Recently, the Patent Trial and Appeal Board (“the Board”), issued an informative decision in Apotex Inc., v. Wyeth, LLC, IPR2015-00873 (“the ‘873 IPR”), providing insight into how the Board will apply estoppel under 35 U.S.C. §315(e)(1) and exercise its discretion under 35 U.S.C. §325(d). Previously, Apotex filed an IPR petition, IPR2014-00115 (“the ‘115 IPR”), against the same patent at issue in the ‘873 IPR, which resulted in the issuance of a Final Written Decision. In view of the Final Written Decision in the ‘115 IPR, the patent owner asserted that Apotex was estopped from “requesting inter partes review because the asserted grounds are based on prior art that the petitioner ‘was aware of, cited and relied upon [in the previous] ‘115 IPR.’” Finding that the preconditions for §315(e)(1) estoppel applied, the Board found that the petitioner was estopped from raising one of the two asserted grounds. No estoppel applied to the other ground, however, because the ground was merely raised, but not instituted on, in the earlier proceeding.
The Board acknowledged that 35 U.S.C. §315(e)(1) precludes a petitioner from requesting or maintaining a ground that a “petitioner raised or could have reasonably raised during that [previous] inter partes review [which resulted in a final written decision].” Since the petitioner in this IPR and the ‘115 IPR is the same, and the ‘115 IPR resulted in a final written decision, the Board found that the “preconditions for applying §315(e)(1) [estoppel] are in place.”
Apotex asserted two grounds in its petition and the Board reviewed each ground separately. With respect to Ground 2, the Board found that the petitioner could have raised this ground in the ‘115 IPR because each of the references relied upon in the ‘873 IPR were cited in the prior IPR. While Apotex did not assert the particular combination against the patent, Apotex was aware of and cited to all the references asserted in Ground (2) in the ‘115 IPR. Apotex, however, argued that because several grounds in the ‘115 IPR were found to be redundant, they could not have reasonably raised this particular ground in the ‘115 IPR. The Board here was not persuaded and stated that the “[p]etitioner did not know, at the time it filed the ‘115 Petition, that the Board would find the grounds proposed therein to be redundant.” In effect, the Board states that a petitioner cannot rely upon later-occurring events in the proceeding to explain why a petitioner could not have raised a ground in the prior IPR to avoid §315(e)(1) estoppel. The fact of the matter is that the petitioner was aware of each of the references it asserted in Ground 2 of the ‘873 IPR, but failed to assert that combination in the prior ‘115 IPR. Since the petitioner could have raised Ground 2 during the ‘115 IPR, but chose not to do so, the petitioner was estopped from raising Ground 2 in the ‘873 IPR.
In contrast, the Board found that the petitioner was not estopped under §315(e)(1) from raising Ground 1, which was previously asserted in the ‘115 IPR as Ground 6. In the ‘115 IPR, the Board declined to institute trial on Ground 6, finding that it was redundant. The Board concluded that because it “did not reach the merits of the challenge presented in Ground 1 when deciding whether to institute a trial in the ‘115 IPR, we determine that Petitioner is not stopped from asserting Ground 1 in this proceeding.” The Board explained that “grounds raised during the preliminary proceeding, but not made part of the instituted trial, are not raised “during” an inter partes review and cannot be the basis for estoppels under 35 U.S.C. §315(e)(1).” Thus, since Ground 6 could not have been raised during the inter partes review (which review occurs only after institution of trial), the Board found that Apotex was not estopped from asserting Ground (1)¹ in the ‘873 IPR.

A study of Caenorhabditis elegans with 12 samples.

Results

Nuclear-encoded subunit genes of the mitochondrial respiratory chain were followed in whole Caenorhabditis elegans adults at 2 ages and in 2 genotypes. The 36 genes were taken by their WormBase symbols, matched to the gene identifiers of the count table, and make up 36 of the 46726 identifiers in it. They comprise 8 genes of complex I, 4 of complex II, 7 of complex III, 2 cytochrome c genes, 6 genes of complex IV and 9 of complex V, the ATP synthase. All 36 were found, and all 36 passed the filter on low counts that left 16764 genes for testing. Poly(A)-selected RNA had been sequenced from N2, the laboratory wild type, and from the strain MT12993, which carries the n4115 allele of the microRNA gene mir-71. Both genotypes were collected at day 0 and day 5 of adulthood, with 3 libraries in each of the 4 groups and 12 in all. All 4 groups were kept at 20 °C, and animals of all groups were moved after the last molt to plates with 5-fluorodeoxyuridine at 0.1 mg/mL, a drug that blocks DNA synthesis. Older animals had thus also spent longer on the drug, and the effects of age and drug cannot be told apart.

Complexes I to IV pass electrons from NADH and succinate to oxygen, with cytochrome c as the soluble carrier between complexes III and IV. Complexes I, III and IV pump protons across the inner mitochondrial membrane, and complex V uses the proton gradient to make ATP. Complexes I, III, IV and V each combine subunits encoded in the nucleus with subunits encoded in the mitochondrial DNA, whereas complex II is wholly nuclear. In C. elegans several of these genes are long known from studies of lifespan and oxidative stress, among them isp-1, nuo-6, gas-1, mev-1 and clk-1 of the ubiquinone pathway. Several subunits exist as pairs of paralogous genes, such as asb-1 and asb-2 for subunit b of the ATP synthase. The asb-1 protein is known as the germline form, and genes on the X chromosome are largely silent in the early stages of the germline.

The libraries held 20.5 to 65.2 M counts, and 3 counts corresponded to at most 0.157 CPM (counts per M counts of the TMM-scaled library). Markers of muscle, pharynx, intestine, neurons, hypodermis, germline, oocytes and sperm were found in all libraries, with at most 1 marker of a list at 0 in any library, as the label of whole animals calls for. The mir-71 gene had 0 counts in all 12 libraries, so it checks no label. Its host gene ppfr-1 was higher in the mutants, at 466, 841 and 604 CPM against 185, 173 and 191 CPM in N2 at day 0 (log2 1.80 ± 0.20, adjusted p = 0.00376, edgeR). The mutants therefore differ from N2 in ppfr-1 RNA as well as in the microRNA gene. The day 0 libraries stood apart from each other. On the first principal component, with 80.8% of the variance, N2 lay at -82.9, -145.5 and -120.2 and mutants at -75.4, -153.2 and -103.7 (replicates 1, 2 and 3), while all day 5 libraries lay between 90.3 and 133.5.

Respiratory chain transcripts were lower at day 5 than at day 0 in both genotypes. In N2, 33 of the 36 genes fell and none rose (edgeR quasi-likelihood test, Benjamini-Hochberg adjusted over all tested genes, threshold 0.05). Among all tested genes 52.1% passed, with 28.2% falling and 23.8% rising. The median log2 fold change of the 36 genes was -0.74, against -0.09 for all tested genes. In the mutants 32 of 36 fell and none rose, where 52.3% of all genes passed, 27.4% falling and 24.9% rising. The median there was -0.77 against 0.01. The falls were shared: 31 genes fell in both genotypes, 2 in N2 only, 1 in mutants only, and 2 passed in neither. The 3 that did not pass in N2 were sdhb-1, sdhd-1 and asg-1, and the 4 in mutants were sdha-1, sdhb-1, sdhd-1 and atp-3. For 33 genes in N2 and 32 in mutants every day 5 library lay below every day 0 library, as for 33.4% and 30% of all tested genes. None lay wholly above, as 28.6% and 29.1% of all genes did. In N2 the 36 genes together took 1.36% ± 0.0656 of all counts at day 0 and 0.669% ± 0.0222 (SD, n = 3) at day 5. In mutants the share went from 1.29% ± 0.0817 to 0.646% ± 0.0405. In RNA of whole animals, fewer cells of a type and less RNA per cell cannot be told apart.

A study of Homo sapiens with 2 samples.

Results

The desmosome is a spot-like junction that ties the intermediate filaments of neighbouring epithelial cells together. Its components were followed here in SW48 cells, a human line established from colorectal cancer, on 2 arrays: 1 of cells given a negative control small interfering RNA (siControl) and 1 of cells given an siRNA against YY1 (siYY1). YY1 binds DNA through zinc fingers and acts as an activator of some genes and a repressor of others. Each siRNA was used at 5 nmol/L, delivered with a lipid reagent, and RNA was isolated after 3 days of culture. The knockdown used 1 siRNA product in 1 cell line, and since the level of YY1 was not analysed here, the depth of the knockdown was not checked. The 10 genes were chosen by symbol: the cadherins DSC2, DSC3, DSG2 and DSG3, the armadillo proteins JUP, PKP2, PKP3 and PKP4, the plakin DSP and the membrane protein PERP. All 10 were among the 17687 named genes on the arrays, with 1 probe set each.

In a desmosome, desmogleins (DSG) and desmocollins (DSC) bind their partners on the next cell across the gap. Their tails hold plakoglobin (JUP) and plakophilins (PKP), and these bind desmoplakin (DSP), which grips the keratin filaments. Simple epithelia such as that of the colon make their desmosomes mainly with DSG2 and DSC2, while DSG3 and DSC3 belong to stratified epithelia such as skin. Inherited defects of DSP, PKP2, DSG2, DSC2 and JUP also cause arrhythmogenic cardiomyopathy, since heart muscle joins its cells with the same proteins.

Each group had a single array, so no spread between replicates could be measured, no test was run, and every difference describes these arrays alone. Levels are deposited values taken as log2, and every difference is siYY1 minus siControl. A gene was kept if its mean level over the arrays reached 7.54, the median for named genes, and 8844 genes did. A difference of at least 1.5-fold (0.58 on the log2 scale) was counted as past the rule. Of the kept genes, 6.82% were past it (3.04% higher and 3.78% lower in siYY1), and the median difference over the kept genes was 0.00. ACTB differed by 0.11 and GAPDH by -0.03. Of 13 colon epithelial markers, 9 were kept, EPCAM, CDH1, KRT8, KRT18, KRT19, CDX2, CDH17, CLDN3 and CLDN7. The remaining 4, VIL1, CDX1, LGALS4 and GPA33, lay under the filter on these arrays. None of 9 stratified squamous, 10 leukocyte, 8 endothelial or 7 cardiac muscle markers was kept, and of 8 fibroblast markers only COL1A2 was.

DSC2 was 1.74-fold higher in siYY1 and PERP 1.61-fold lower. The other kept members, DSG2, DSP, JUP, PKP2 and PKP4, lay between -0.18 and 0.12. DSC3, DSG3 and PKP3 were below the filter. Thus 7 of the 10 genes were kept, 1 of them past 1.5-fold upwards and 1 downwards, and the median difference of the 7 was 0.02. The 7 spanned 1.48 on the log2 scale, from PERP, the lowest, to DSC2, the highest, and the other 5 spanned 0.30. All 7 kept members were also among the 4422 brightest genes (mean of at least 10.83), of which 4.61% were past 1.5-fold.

The patent owner further argued that the Board should exercise its discretion under 35 U.S.C. §325(d) to decline to institute inter partes review as the grounds asserted in the ‘873 IPR were based on “the same or substantially the same prior art arguments previously [presented].” The Board, however, noted that the permissive language of §325(d) “does not prohibit instituting inter partes review based on arguments previously presented to the Office” and that it “did not reach the merits of Petitioner’s arguments with respect to Ground 1 when considering the ‘115 IPR.” Id. at 9. For these reasons, the Board chose to not exercise its discretion “to decline an inter partes review of the ‘828 patent under §325(d).”
This informative decision provides insights for both petitioners and patent owners. In view of the clarified framework for the §315(e)(1) estoppel, petitioners would be wise to take stock of the differences in the disclosures of the combination of prior art in order to include various combinations of that art. Notably, grounds that were raised but not instituted on in an earlier petition, according to this decision, could not have reasonably been raised during the inter partes review and will not bar petitioners from raising those grounds in a subsequent review.
¹ The Panel later found that the petitioner did not establish a reasonable likelihood of prevailing with respect to the asserted Ground (1).
Joshua I. Rudawitz is an associate in Nutter’s Intellectual Property Department. He focuses his practice on all aspects of patent law, drawing on his mechanical engineering background and love of technology. Josh is a regular ...
Add a comment
Maximizing the protection and value of intellectual property assets is often the cornerstone of a business's success and even survival. In this blog, Nutter's Intellectual Property attorneys provide news updates and practical tips in patent portfolio development, IP litigation, trademarks, copyrights, trade secrets and licensing.